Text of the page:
With the major changes in the latest release of Zoner Photo Studio, it is understandable that the company has dropped its previous numbering scheme. While this release would have been version 19, it is officially named Zoner Photo Studio X, or as Zoner is dubbing it, ZPS X. Along with program changes, there’s also a business model change. With ZPS X, the program is only available with a $95.88 yearly subscription license. The license is per user, not per computer, so a single user can install ZPS X on multiple computers. A family plan for multiple users and upgrade pricing for users of previous versions are also offered.
ZPS X is available only for Windows computers running Windows 7 or better, either 32- or 64-bit operating systems. I reviewed ZPS X version 19.1701.2.14.
Changes, updates and new features are found throughout ZPS X. Most noticeable to users of previous versions is a cleaner, more intuitive interface. The number of modules is reduced to four (Manage, Develop, Editor and Create) with the interface consistent across all four. The Manage module is an Adobe Bridge-like browser that is quick to load previews and is updated with new sorting options. Non-destructive editing of all file formats, including most RAW formats, is accomplished in the Develop module. The ability to easily process RAW files is a significant new feature in ZPS X. Other new abilities in the Develop module include a dehaze tool, gradient and radial filters, a perspective tool and smart (selective) noise reduction.
Editing done in the Editor module is destructive but includes a long shopping list of enhancements as well as an updated Layers panel that now allows true image composition with layer masks. Also new in the Editor are smart-sharpen and smart-blurring tools, and dodge and burn brushes.
The Create module is entirely new, providing the ability to create and order photo books, postcards, canvas prints, calendars and prints, all from within ZPS X. You can also create videos in this module.
With the revised interface, ZPS X looks more familiar than ever. The left panel includes navigation tools, the center is dominated by an image preview and the editing tools are found in the right panel. Be warned, though, that there are duplicate tools in the Develop and Editor modules, so you must be careful where you make edits such as exposure, contrast, etc. as they could be applied non-destructively or destructively depending on the module.
The Develop module workspace is much cleaner-looking and friendlier than the Editor module, with its lists of adjustments in four subpanels. You do have to do a bit too much scrolling as neither module allows a “solo” mode where opening one subpanel closes others. And the new Layers subpanel seems to be less integrated into the right panel as the other subpanels. It is situated at the very bottom of the right panel in the Editor, requiring you to close other subpanels and drag the Layers up in order to see the layers.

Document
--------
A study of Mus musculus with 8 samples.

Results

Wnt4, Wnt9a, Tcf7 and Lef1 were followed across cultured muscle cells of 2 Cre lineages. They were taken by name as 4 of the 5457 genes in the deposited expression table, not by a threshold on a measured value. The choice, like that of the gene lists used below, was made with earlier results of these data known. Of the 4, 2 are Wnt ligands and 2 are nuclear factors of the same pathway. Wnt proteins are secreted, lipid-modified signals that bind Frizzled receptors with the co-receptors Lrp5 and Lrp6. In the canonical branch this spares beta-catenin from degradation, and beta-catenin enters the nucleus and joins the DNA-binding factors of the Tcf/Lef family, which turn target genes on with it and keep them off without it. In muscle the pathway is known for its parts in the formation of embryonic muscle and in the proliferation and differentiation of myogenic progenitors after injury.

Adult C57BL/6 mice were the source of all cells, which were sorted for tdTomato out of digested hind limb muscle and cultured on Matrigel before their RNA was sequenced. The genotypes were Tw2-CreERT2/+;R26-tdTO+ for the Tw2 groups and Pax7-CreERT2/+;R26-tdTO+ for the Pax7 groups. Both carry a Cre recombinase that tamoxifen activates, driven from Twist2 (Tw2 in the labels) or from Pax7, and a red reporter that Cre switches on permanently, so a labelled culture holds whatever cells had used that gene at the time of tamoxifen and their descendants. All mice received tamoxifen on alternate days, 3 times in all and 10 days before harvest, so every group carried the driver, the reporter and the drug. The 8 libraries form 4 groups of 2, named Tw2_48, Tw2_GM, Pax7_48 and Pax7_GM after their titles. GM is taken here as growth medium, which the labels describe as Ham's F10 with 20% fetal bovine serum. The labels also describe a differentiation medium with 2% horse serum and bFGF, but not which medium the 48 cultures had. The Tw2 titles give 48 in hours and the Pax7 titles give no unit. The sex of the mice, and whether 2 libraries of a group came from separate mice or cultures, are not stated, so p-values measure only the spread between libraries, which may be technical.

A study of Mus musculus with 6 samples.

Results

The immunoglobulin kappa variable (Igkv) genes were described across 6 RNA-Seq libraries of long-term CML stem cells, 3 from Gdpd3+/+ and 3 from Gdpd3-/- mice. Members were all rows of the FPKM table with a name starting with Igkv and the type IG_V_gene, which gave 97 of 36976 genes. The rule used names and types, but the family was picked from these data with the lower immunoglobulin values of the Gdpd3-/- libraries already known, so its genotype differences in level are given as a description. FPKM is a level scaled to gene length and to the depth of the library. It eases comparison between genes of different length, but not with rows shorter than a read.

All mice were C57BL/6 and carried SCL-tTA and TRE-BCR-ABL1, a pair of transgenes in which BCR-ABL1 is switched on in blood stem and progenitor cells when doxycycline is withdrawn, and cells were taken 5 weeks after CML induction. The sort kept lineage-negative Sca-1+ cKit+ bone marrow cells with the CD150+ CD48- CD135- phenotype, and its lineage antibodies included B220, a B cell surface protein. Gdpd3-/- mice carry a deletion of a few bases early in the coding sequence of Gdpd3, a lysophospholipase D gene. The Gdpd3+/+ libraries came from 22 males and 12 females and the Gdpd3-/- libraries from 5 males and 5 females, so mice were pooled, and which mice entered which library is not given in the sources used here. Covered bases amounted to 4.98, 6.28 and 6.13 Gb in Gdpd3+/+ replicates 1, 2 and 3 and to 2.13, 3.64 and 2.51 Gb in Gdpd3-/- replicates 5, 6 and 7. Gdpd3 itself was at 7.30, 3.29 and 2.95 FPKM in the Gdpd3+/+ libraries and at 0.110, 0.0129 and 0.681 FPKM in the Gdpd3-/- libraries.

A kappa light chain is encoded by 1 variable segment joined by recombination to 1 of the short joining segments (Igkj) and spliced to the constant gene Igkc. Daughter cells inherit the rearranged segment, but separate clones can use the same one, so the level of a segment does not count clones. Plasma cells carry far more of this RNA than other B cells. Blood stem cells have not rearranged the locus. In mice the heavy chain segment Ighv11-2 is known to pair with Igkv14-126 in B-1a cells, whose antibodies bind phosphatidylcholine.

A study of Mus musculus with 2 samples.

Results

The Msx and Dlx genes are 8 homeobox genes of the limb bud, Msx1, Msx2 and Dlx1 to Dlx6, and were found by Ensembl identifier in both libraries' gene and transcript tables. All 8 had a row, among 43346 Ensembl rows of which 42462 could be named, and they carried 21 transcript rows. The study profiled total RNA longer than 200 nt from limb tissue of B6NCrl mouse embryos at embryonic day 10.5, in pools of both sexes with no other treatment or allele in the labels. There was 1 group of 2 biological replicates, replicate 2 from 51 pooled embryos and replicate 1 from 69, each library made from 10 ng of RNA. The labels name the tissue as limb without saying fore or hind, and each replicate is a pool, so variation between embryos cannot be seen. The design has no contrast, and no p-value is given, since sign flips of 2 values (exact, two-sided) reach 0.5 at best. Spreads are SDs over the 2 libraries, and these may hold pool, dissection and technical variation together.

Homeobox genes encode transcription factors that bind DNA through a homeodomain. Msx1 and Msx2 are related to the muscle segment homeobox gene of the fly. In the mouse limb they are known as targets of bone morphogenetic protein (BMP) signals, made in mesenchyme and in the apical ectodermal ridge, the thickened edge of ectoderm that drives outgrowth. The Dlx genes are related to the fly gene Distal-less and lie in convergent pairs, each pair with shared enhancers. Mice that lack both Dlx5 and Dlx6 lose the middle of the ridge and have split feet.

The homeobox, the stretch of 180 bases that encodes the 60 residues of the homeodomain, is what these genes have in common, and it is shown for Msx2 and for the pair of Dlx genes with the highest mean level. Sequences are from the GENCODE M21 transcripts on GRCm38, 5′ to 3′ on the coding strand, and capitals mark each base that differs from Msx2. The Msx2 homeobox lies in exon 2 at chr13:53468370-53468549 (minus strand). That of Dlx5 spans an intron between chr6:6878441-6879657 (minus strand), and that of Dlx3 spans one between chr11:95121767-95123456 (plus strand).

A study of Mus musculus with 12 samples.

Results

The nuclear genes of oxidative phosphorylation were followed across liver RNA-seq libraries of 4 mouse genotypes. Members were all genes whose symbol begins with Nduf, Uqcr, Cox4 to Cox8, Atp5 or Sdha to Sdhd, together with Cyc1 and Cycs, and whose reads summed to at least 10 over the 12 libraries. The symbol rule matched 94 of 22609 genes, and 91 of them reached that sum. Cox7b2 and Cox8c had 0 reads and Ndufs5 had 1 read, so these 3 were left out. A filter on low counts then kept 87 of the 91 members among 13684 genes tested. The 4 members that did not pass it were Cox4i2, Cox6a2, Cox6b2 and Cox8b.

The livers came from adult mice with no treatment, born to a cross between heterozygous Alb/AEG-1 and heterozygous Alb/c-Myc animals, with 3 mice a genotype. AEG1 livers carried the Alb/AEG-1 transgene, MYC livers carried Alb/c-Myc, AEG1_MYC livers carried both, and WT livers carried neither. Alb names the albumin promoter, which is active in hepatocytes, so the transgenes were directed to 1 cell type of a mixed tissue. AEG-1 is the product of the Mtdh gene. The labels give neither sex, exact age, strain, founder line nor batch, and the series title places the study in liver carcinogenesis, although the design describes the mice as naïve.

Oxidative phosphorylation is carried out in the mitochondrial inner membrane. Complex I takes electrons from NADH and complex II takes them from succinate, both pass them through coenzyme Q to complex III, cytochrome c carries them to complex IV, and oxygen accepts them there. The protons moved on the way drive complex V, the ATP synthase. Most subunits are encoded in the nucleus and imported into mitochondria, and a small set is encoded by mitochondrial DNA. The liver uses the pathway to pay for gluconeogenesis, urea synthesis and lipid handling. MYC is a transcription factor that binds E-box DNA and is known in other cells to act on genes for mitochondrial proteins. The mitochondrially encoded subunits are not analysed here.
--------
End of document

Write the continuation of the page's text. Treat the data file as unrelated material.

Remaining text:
What We Liked
Non-destructive RAW file processing is the most welcome new feature for me in ZPS X, and it functions very well. All of the exposure sliders you expect are available and the ranges of adjustment are sufficient. The ability to compose images using selection tools and layer masks, as well as painting onto the layer mask, is fairly well executed, although not up to Photoshop standards. The ability to use the output options in the Create module should be welcome by many enthusiasts.
Batch-processing operations are also nicely handled, although this is not a new capability. With multiple files selected in the Manager, a Batch Operations panel opens, allowing you to batch-rename and edit metadata, as well as process panoramas and HDRs. You can also adjust an image and apply those adjustments to other images in the Develop module, but not in the Editor.
One final capability in ZPS X that I really like is the ability to open many different image formats, including Photo CD, for which Adobe ceased support years ago, and now it seems even Corel has ceased supporting. (Someday soon I need to archive all those Kodak Photo CD images of mine.)
What We Didn’t Like
While initial image importing and browsing goes as quickly as its competition, ZPS X is not as speedy when switching back and forth between the Develop and Editor modules. And if you have made non-destructive changes in Develop, switch over to the Editor to remove dust spots and then decide to do something else in Develop, you lose the non-destructive changes you initially made.
While the Develop module allows lens corrections and the application of a camera profile, it relies on them to be contained in the Adobe Camera Raw database and they must be first loaded from ACR before you can apply them.
The ability to composite images with layer masks is new to ZPS X, so it is unrealistic to expect it to be fully implemented when compared with Photoshop and On1. I look forward to later releases that allow for more precise selection tools and the ability to refine the masks you generate.
How It Compares
With the addition of RAW file processing, ZPS X becomes more of a competitor for Lightroom, On1 and similar programs. Some of the destructive tools in the Editor need to be moved to the Develop module, leaving the Editor for layers, quick edits and effects presets. These would promote Zoner Photo Studio X from a very good program for enthusiasts to one that professionals could embrace.
Stan Sholik specializes in still-life and macro photography. His latest book, Shoot Macro, for Amherst Media is available now.